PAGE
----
What makes a product sustainable?

Posted by Emilie Harrak on October 13 2014

Design Ventura

We are surrounded by products that at some point were designed to give a solution to our daily problems. Someone like you and I, was in charge of making that product work properly, but very few of these products were designed considering what would happen to them throughout their entire life cycle.

Let’s think of products from start to end, let’s say, from cradle to grave, from the moment they were born to the moment they die. This means: from the moment they were designed with a sketch on a piece of paper to the moment they are disposed, passing through all the intermediate stages such as the extraction of raw materials to create the product, manufacture process and use by the consumer. Thinking about the type of material you want to use for your design, how environmentally friendly it is, how long will the product last before it needs to be disposed of, whether it be taken apart easily and recycled or reused in some way, are all very important to think about whilst you are developing your design ideas.

There’s another idea that takes this recycling phase into account called “Cradle to cradle”. By this they encourage designers to think of how waste or disposed products can become the starting point for creating another product. Generating a closed cycle with less waste and reducing energy consumption this Cradle to Cradle approach can maximise the sue of waste materials andreduce to need to use-up our finate resources.

In this example image above, paper is recycled into new paper in order to prevent the need to cut down trees and to reuse the waste material to create recycled paper. Can you hrink of a way to re-se material, make your product 100% recyclebale or in some way use the ideas of Cradele to Cradle or Cradel to Grave ideas in your own design development?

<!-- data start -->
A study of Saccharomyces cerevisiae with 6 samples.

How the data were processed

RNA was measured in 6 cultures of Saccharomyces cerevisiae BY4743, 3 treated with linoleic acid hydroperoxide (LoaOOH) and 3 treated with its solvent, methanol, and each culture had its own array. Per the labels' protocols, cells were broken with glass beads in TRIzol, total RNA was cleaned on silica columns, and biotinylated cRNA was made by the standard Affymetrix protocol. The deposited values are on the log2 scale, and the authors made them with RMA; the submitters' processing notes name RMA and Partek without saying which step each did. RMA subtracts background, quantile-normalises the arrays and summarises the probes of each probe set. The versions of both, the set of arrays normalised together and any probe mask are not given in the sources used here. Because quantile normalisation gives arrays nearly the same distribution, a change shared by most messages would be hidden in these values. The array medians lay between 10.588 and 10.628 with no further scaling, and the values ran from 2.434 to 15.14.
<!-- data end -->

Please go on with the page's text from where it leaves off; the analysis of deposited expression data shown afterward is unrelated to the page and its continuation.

Here’s a very good video that will help you understand the sustainable life cycle process, follow this link: https://www.youtube.com/watch?v=V_qzu56oqPE

The previous considerations focus on environmental issues. However, to make our products truly sustainable we should also keep in mind the relevant social aspects related to the product. By this I mean, we also need to think about the people involved at all stages, not only the machines, factories and trees. All the human interactions that the creation, production and existence of a product can cause are the social aspects. Some social aspects that should normally be reviewed are quality of life, exploitation, and worker’s human rights. It’s important to keep in mind that eco-friendly products are not necessarily sustainable, as they could be produced in environments without adequate working conditions.

There are also sustainable products designed to help people in very poor communities achieve their daily tasks. The image below is of the product called Hippo Roller, a rolling water container which allows a person to transport five times more water than the amount collected using the traditional methods. This product improved access to water, which is crucial in developing countries.